Edward Hadas

Economists overvalue stock markets

Edward Hadas
Oct 31, 2013 13:07 UTC

Is it possible to construct portfolios which perform better than the overall stock market? Two of the three recipients of the latest Nobel prize in economics have tried to answer that question. Roughly speaking, Eugene Fama said that all efforts are in vain, while Robert Shiller said that they are not.

These nearly contradictory views are typical of an intense but inconclusive argument stretching back four decades. Market researchers have produced a mountain of studies, but they rarely consider the macroeconomic, ethical and social meaning of equity investing. That’s a shame. If more attention were paid to these issues, everyone could calm down.

Start with the economics. For the economy as a whole, changes in individual stock prices are basically irrelevant. The companies receive no cash when existing shares trade hands, whatever the price. The trading shareholders may have gains and losses, but they cancel each other out. The net economic effect of frenetic stock markets is zero.

The share price does matter when new shares are issued, but that happens rarely. While promising young companies can use cash to expand, and troubled older ones need cash to survive, in normal times companies generate all the cash they can invest profitably from operations, so they don’t need or want to raise new capital. It’s perfectly reasonable that over the last seven years, the value of newly issued shares was only about 10 percent higher for listed U.S. companies than the value of repurchased old shares, according to data from Thomson Reuters Datastream and Factset.

The main economic influence of share price moves is indirect, and basically negative. Top managers spend too much time watching the stock market. They hope for bonuses which are often based on share prices and they fret about being taken over. Both concerns lead them to follow the advice of stock market investors, outsiders who rarely have much insight into long-term strategic issues. Although activist investors can occasionally clarify their thinking, managers would usually be well advised to ignore the market price and rely instead on their superior knowledge as insiders.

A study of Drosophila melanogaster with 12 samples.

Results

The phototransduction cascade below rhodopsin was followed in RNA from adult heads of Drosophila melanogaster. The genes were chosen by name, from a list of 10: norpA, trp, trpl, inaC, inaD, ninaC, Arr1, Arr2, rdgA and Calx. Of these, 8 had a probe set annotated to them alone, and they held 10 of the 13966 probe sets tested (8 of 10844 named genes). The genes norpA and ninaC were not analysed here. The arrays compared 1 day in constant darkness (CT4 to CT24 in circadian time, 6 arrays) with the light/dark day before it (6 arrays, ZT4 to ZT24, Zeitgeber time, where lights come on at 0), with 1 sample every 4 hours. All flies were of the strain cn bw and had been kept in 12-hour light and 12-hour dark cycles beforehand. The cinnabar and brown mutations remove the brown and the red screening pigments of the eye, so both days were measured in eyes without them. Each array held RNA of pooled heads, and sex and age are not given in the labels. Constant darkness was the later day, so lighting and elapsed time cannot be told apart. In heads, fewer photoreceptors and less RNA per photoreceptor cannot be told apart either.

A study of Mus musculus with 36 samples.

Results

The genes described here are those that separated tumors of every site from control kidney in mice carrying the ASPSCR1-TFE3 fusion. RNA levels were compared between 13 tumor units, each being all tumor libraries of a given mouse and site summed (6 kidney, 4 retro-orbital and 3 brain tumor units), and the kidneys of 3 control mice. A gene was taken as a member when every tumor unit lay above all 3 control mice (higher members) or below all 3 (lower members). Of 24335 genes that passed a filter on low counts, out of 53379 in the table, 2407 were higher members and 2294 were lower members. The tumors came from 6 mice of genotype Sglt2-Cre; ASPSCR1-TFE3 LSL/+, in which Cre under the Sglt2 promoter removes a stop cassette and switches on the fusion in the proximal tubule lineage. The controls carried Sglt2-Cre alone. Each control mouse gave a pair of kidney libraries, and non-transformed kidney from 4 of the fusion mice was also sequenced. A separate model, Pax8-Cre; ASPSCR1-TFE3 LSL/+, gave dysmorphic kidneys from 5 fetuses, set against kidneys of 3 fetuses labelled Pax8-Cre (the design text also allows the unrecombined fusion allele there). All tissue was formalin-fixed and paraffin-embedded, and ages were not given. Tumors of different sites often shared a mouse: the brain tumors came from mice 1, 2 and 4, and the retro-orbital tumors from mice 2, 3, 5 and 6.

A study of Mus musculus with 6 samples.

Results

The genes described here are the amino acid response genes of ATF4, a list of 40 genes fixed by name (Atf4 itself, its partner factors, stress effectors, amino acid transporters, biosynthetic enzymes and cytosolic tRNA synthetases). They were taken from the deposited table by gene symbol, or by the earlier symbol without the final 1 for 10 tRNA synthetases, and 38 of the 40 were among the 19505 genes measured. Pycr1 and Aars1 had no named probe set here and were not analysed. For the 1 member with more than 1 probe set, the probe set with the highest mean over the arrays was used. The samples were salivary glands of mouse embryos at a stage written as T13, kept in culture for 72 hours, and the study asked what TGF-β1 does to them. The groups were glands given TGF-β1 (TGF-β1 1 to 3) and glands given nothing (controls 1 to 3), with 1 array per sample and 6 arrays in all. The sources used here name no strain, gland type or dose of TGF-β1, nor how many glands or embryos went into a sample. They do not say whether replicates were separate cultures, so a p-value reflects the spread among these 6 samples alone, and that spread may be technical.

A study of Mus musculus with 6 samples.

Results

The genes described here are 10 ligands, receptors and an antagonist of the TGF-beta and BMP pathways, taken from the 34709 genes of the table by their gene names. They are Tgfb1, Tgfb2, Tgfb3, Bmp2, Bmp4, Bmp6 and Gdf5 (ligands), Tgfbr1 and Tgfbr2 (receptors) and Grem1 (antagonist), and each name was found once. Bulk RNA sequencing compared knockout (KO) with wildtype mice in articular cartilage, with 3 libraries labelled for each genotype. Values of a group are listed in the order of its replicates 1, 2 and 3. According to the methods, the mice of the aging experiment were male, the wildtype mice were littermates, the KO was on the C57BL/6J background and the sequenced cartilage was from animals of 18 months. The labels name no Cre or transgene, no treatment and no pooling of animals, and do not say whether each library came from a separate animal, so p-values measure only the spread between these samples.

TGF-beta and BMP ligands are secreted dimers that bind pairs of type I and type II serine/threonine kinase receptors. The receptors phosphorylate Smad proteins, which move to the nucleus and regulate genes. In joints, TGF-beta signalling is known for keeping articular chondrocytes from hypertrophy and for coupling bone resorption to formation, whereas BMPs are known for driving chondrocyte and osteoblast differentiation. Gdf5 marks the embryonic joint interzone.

A call for radical financial reform

Edward Hadas
Oct 9, 2013 14:56 UTC

The governments of developed countries have the power to rescue economies from defective finance. There is a radical solution. It would be relatively easy and at least as fair as the current slow generation-long recovery from the 2008 financial collapse.

I have been suggesting massive “start from scratch” financial reform for several years. The response is usually a mix of incredulity (it’s too hard to do) and indignation (it would be unjust). A thought experiment might help deal with those objections. Pretend that the current situation – excessive debts and deficits, unprecedented and risky monetary policy, overly powerful banks, slow GDP growth and unacceptably high levels of unemployment – was the result of a recent war.

Under those tragic circumstances, it would not be strange to say that the prevailing financial order was a relic from a lost period. Perhaps the arrangements were effective and fair back then, leaders would say, but the old promises, practices and privileges are now helping the few, hurting the many and holding the economy back. So finance needs to be reconstructed.

Elop and the neo-feudal revolution

Edward Hadas
Oct 2, 2013 15:17 UTC

I have nothing against Stephen Elop. The former and future Microsoft executive seems to have done a pretty good job running Nokia. It’s a little awkward that he was offered $7.3 million to move from Microsoft to the Finnish phone-maker and stands to receive $25.4 million to rejoin the his former employer. But the tech industry often has a slightly incestuous feeling, and there were plausible strategic arguments for both moves. Elop did what almost any senior American executive would have done – negotiated and renegotiated favourable contracts.

However, Elop’s packages are part of an outrageous system of executive remuneration. It features pointlessly complex arrangements – base salary, cash bonus, a small collection of share plans plus substantial payments for coming and going. The deals are rigged in the executive’s favour; Elop obtained highly attractive last minute alterations just before the sale of the phone business. And the numbers are all unjustly large, by any relevant standard.

The announcement of Elop’s terms was understandably met with widespread disgust. The same response is typical whenever executive pay comes up.